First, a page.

Fight over flavored tobacco returns to State House
Health advocates are once again urging state lawmakers to ban the sale of flavored tobacco and electronic smoking cartridges in Maine, citing a surge in youth vaping in recent years.
But store owners and some former cigarette smokers predict a ban will only harm Maine businesses without benefiting public health.
Lawmakers heard testimony on Tuesday in three bill to ban or restrict the sale of flavored tobacco and vape cartridges. The sponsor of a bill to ban to ban the products, Democratic Sen. Jill Duson of Portland, said her measure would help address health disparities in minority communities while also protecting young adults.
Speaking to the Legislature’s Health and Human Services Committee, Duson cited federal estimates that 85 percent of Black Americans who smoke use menthol cigarettes. Duson said her family, like many others, has “paid the price for tobacco industry’s unfettered, multi-generational targeting of African Americans with menthol-flavored cigarettes and cigars.” Now, Duson accused the industry of using the same marketing strategy to target young people, who studies show are more likely than adults to become addicted to nicotine after starting tobacco use.
"The tobacco industry knows this, of course, and knows too that flavored tobacco products like menthol, mint, candy, fruit and dessert flavors will make it easier for kids to give cigarettes, chewing tobacco and now e-cigarettes or vapes a try," Duson. “There are tens of thousands of these flavored products and four out of five kids who use tobacco started with a flavored product.”
Julia Ryan, a high school senior, was among multiple high school and college-aged students to speak in support of the measures. Ryan vaping is so rampant at her Standish school that she often dreads using the bathroom because the air is filled with the "sickly sweet smell" from the flavored cartridges. Ryan told lawmakers that she's seen the products take a toll on the health and athletic abilities of close friends.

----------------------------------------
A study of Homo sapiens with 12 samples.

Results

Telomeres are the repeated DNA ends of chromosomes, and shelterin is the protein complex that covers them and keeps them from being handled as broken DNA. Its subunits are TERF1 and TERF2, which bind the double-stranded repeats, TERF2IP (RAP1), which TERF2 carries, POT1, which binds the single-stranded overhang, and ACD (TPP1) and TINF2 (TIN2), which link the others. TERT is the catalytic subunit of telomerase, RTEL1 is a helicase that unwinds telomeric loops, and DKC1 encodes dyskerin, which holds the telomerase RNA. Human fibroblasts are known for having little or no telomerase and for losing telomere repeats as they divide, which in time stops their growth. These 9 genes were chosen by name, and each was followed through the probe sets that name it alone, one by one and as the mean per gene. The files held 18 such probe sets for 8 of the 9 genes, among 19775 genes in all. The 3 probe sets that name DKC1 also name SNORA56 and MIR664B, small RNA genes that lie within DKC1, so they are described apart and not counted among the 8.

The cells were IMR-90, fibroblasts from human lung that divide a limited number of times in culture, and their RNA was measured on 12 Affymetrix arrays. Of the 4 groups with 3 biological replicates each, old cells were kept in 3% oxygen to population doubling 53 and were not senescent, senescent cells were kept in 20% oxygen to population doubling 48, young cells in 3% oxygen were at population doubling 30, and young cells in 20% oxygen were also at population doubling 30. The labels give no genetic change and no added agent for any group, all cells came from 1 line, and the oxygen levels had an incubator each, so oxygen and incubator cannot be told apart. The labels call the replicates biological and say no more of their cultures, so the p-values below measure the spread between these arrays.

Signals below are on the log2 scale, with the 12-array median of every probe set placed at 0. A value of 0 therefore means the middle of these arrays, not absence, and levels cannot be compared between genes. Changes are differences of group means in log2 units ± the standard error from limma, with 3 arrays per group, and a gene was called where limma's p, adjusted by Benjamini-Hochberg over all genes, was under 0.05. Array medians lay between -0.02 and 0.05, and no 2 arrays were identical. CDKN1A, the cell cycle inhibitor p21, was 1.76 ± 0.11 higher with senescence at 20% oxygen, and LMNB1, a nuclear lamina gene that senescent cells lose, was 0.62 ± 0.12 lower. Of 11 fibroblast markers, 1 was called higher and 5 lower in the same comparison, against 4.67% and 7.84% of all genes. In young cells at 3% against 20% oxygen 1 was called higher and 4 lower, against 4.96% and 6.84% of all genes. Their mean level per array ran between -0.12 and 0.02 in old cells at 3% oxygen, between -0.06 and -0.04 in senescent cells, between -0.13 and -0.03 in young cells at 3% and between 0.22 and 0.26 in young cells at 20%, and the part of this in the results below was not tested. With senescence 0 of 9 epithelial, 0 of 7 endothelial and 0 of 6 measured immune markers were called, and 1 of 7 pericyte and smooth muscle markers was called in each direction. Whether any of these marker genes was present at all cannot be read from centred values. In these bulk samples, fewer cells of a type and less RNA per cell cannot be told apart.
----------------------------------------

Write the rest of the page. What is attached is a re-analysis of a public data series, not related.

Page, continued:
"Many of my peers that use e-cigarettes don't even realize the products have nicotine in them and are highly addictive,” Ryan said. “They think vaping is harmless. Flavors like cherry, cotton candy or spearmint make e-cigarettes and other tobacco products more appealing because don't want the harsh taste of tobacco."
But business owners as well as some former smokers said the bills are targeting the wrong problem.
Peter Brennan with the New England Convenience Store and Energy Marketers Association, an industry trade group that represents convenience store owners, pointed to a 2-year-old ban in Massachusetts that he said cost the state $150 million in revenue. Speaking to reporters during a press conference earlier Tuesday, Brennan called the Massachusetts law “an unmitigated disaster” that has only driven many customers to buy from neighboring states or on the black market.
Christine Peters, the chief operating officer for Maine Smoke Shops, which operates 19 stores in the state, said shops are already vigilant about not selling tobacco or nicotine products to people under age 21.
"Maine retailers are not the issue,” Peters said. “There is a slew of online sites selling to underage minors flavored vapes from China. They do not check IDs like Maine retailers do. We need our legislators to crack down if they are serious about protecting our youth."
Rep. Billy Bob Faulkingham, a Winterport Republican who heads the House GOP caucus, was among several former smokers who said electronic devices were key to him quitting smoking 13 years ago.
“I just think that it’s crazy to target this product,” Faulkingham said. “It’s going to have bad economic effects . . . but it also is not going to improve health. It is doing the opposite of improving health. It is going after a product that helps people stop smoking.”
Lawmakers considered a similar bill to ban flavored tobacco products last legislative session. But it was estimated that measure would reduce tax revenues by nearly $23 million a year and it never even received a vote on the House floor.